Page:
04-5767 Mitzvah 32

Talmidav Shel Aharon
04-5767 Mitzvah 32
November 7, 2006

Mitzvah 32 – It is a positive commandment to fast on Yom Kippur.
Hafetz Hayyim: As the Torah says: “On the tenth day of the seventh month there shall be a day of atonement … and you shall afflict your souls” (Lev. 23:27). It is necessary to fast from evening to evening and end the fast a bit after the end of the day. If one eats more on the day before Yom Kippur, it is as though he fasts on both the ninth and tenth of Tishrei (the day of Yom Kippur and the day before). It is in effect at all times and it every place for both males and for females.

“Afflicting your soul” on Yom Kippur implies five deprivations. 1. Eating; 2. Drinking; 3. Anointing; 4. Wearing leather soled shoes and 5. Sexual relations.
Because the day is spent seeking atonement for all the sins we may have incurred in the previous year, we do not want to be distracted from our duties. If our very life in the new year is at stake, than we can abstain for a day from sexual relations with our spouse. Leather soled shoes are not about the leather, but about luxury. We do not want to show off our most expensive clothing, but we dress simply, this implies non-leather shoes and plain white clothing. Even the High Priest in the Temple of Jerusalem, would put aside his highly ornamental robes for plain linen ones for Yom Kippur. In a similar vein, we don’t wear makeup or cologne or any other form of decoration that is purely ornamental since we are being judged on who we are, not how we appear. There is no deception in the Heavenly Court. Still, the most recognized deprivation for Yom Kippur is the refraining from eating and drinking for the 25 hours of the fast.
On the one hand, the reason for the fast is that we are trying to imitate the angels in the Heavenly Court who neither eat nor drink. If we can emulate them, we can be assured of being judged favorably in the new year. On the other hand, when our lives are in danger, who would stop to eat or drink? Yom Kippur is a day of great danger, since our lives are in the balance, but Yom Kippur is also a joyful day, since we know that our fast will be successful and we will find forgiveness on this day. Most physicians agree that there should be no problem with a healthy person fasting for one day. Still there are some rules for fasting.
One should prepare for the fast by eliminating those foods that may have side effects if they are suddenly suspended. It is a good idea to stop drinking caffeine a few weeks before the fast so there will not be withdrawal which can cause a headache or worse if you ingest daily a significant dose of caffeine. The day before Yom Kippur, it is important to have a good meal, not a spicy, heavy meal, but a plain meal that is well balanced but not too heavy. A good dose of protein and carbohydrates will help get through the fast but beware, too many carbs may cause you to burn out early. Medications that are taken daily should be taken with this meal and try and drink just plain water (not coffee or tea, certainly, and sugar drinks are also not helpful) If one eats properly before the fast, than it is as if you have fasted two days instead of one. The meal on one day makes the second day possible.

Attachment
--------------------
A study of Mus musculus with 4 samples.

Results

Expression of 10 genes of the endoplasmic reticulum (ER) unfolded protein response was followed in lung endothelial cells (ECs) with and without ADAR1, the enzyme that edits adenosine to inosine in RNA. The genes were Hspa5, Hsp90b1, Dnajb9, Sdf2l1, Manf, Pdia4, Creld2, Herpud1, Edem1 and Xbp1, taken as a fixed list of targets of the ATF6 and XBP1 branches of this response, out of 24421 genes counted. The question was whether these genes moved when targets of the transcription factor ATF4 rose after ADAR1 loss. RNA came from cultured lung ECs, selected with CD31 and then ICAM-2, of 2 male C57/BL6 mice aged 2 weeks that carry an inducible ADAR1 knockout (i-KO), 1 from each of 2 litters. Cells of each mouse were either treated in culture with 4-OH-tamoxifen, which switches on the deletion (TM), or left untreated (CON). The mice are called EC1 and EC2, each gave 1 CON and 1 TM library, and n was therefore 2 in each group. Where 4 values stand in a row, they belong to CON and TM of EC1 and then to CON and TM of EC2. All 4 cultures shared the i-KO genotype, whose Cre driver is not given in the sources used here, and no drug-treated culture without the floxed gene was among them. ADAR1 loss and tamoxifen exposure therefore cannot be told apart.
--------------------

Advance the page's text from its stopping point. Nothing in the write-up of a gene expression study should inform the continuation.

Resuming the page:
Because of the ban on anointing, some refrain from washing the next morning. You can wash hands and face. The original ban only included visiting a spa (hot springs or hot tub) on Yom Kippur and that the issue is not washing at all. Still some keep the washing to a minimum. One should take morning medications if they are necessary for health. If you are not sure, ask your doctor. Do not skip a day on medications without a doctor’s permission. Pregnant or nursing mothers, the ill and infirm do not fast on Yom Kippur. Children under the age of 13 are not required to fast but it is a good idea that a child older than nine should practice fasting by not eating for half the day. Each year he or she can fast an extra hour until they can go the whole day. One is not allowed to endanger their life by fasting so if you feel ill, one is supposed to eat. We err on the side of caution when it comes to fasting. If one passes out from hunger and says, “I need to eat” and a doctor is present and says, “no you don’t need to eat” we ignore the doctor and feed the patient. If the doctor says the person needs to eat and the person said, “no I don’t” we ignore the person and feed the patient. In times of medical emergency or plague, and the entire community could be endangered by fasting, than the whole community must eat. Saving a life takes precedence over fasting on Yom Kippur.
A post-fast break-the-fast should be like a breakfast with breakfast type foods. Yom Kippur will never fall on a Friday or Sunday so that we don’t have to deal with fasting and the prohibition of cooking on Shabbat.
Since being in places where we could get hungry would be a bad idea, some spend the day at the synagogue so that the usual hunger cues will not be triggered. One does not talk about food on the day as this will only make the fasting harder. One should concentrate on the prayers of Yom Kippur and the hunger will pass. Conservative congregations also support Project Isaiah, where the food we don’t eat is donated to food shelf/pantry projects so that those who don’t eat on a daily basis will have food for themselves. Canned or non-perishable foods are brought to the synagogue and donated to local food programs. This is a great way to make our fast even more meaningful.